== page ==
Published March 14, 2013

Over the past few decades, scholars in all disciplines of the humanities have sought to question, critique and transcend frames of reference dominated by nation states.

“A critical mass of academics has expressed dissatisfaction with these categories of knowledge,” notes Carl Nightingale, associate professor in the Department of Transnational Studies, College of Arts and Sciences. “Most of the subjects they teach about—such as the New Deal, or modern fiction, or slavery, or immigration, or avant-garde filmmaking, or the feminist movement—are all subjects that transcend national or regional borders: They are “transnational,” he explains. 

UB recognized the evolution of this body of scholarship by founding the Department of Transnational Studies, the first such department in North America. The new department brings together faculty from several interdisciplinary departments and programs that have long pioneered investigations in transnational studies: African and African American Studies, Gender Studies, American Studies, Native American Studies, Latino Studies and Caribbean Studies.

To mark this occasion, the Humanities Institute and the Department of Transnational Studies are presenting a conference, “The Transnational Turn in the Humanities,” March 22 and March 23 in the Grand Marquis Ballroom at the Hotel @ The Lafayette in downtown Buffalo. Nightingale is conference organizer.

The goals of the conference are:

  • To assess the transnational turn on a broad, interdisciplinary scale.
  • To highlight ongoing research projects in transnational studies across the humanities.
  • To reinterrogate the theoretical bases of transnational inquiry.

To critically explore the intellectual history of transnational studies.

  • To learn lessons arising in scholarly practice.
  • To provide insight and inspiration to scholars and students interested in pursuing new projects of transnational inquiry.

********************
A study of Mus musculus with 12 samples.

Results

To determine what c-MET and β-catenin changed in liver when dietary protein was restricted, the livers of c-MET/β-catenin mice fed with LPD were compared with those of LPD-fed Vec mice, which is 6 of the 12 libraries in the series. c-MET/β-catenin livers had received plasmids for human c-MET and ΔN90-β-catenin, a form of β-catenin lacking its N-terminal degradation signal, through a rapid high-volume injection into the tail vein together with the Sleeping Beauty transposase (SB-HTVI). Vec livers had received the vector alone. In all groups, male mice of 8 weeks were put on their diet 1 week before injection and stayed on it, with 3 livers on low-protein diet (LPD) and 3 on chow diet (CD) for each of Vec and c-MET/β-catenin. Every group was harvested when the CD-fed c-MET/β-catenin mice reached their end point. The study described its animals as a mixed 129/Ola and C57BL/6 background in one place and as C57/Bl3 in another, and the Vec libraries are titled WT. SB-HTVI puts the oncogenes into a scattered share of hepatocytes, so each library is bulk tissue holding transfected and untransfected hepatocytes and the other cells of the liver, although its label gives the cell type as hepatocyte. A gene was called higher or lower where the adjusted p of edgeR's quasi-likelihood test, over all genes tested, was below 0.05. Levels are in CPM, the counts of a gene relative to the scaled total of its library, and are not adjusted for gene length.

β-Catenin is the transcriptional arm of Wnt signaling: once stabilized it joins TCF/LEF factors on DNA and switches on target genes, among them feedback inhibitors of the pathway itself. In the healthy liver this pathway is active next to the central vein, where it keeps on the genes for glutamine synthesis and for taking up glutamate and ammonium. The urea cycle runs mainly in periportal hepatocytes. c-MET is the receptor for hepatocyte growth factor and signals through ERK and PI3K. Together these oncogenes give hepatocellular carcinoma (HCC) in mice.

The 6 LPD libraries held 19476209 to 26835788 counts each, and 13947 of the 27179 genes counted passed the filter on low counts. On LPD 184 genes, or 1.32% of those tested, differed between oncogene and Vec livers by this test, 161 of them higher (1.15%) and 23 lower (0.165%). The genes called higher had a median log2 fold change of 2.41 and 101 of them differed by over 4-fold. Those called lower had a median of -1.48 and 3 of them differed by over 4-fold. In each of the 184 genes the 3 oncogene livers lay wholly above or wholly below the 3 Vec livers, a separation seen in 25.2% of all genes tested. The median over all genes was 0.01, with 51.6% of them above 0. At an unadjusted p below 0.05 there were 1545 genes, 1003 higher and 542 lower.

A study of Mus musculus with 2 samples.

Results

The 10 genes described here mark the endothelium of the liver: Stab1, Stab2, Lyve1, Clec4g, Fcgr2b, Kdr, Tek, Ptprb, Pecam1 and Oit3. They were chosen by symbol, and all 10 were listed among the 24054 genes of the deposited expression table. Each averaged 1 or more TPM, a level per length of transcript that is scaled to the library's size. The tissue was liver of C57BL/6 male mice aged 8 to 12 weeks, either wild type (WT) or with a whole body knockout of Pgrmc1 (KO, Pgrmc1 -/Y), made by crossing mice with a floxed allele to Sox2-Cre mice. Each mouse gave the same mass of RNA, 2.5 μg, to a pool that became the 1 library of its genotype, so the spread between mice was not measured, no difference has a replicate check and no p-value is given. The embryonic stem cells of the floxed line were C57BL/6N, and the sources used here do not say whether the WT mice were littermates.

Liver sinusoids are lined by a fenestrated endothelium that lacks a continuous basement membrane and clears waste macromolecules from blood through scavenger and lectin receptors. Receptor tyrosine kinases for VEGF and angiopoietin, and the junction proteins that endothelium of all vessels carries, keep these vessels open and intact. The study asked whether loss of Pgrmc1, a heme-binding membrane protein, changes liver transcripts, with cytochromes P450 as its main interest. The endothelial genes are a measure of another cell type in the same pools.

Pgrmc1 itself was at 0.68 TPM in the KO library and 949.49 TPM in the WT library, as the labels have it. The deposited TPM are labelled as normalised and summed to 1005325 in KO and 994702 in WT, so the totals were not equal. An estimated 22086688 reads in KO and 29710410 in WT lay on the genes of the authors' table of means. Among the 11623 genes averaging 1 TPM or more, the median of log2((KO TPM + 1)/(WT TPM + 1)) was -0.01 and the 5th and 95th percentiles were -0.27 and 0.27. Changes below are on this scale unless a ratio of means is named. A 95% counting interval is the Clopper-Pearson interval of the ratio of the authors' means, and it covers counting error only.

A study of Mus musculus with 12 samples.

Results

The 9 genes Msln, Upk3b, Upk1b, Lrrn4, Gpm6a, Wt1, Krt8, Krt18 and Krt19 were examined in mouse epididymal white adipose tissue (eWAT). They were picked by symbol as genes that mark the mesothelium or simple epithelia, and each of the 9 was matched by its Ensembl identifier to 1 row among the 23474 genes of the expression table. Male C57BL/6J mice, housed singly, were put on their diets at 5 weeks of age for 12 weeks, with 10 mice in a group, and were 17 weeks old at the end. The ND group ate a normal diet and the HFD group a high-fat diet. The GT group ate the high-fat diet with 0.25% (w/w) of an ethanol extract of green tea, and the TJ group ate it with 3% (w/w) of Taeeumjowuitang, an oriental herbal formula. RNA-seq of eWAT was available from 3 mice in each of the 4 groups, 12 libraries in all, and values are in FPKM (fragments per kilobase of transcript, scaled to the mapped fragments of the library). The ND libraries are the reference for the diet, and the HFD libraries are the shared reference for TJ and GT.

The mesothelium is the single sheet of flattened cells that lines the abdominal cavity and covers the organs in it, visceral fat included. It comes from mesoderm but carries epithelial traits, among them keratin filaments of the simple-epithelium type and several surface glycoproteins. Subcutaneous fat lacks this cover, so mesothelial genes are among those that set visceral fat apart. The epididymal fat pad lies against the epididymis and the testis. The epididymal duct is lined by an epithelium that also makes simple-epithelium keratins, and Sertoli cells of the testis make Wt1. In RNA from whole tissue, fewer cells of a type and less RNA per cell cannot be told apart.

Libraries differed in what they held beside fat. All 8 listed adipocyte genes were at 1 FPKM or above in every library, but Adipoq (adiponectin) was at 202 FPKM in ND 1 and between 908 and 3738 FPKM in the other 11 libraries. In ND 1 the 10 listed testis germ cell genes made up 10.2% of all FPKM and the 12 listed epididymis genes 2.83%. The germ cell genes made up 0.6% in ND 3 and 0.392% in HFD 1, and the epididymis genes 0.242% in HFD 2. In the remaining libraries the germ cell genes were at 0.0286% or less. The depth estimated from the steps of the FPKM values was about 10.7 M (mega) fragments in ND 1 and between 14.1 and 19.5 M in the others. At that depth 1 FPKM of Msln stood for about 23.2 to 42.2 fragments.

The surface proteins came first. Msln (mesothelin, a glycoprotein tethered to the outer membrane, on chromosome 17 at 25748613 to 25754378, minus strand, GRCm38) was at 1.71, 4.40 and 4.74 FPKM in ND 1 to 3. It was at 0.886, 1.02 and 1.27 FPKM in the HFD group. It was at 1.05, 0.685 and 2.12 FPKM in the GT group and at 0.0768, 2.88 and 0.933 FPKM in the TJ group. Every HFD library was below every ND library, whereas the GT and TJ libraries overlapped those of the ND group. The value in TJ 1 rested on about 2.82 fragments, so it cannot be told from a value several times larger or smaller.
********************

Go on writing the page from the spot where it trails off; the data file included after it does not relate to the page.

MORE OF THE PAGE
While the wide focus of the conference is upon transnational work within the humanities as traditionally defined, organizers also welcome humanities-inspired scholarship from the social sciences.

The conference is unique in that it is not only transnational, but also “transdisciplinary.” Most conversations about the transnational turn occur within separate disciplines. The speakers at this conference include many of the most prominent North American scholars in transnational studies from across the humanities disciplines. Speakers and their topics are:

  • Richa Nagar, professor of gender, women and sexuality studies, University of Minnesota, “Five Truths of Storytelling, Co-authorship and Alliance Work.
  • Aims McGuinness, associate professor of history, University of Wisconsin-Milwaukee, “Tramping Across History: Transnational History’s Temporality Problem.”
  • Daniel T. Rodgers, Henry Lea Professor of History, Princeton University, “Cultures in Motion.”
  • Audra Simpson, assistant professor of anthropology, Columbia University, “Haudenosaunee Territory, the Racialized Life of Treaty and Settler Sovereignty.”
  • Rinaldo Walcott, associate professor and chair, Department of Sociology and Equity Studies, Ontario Institute for Studies in Education, University of Toronto, “After Settler Colonialism: Diaspora, Transnationalism and the Decolonial Project.”
  • Paul Kramer, associate professor of history, Vanderbilt University, “Itinerant Histories: Mobilities, Networks and Transfers in the Making of Connected Pasts.”
  • Ato Quayson, professor of English and director of the Centre for Diaspora and Transnational Studies, University of Toronto, “Postcolonialism and the Diasporic Imaginary.”

The conference will be held from 9-5 p.m. Friday and 9-11:45 a.m. Saturday.

A copy of the conference schedule can be found on the conference website. While the conference lunches are free to all conference attendees, attendees must RSVP to to be guaranteed a meal.

In addition to the conference, the Humanities Institute and the Department of Transnational Studies have organized a lecture series, “Transnational Tuesdays.” Visit the website for the remaining lectures this semester.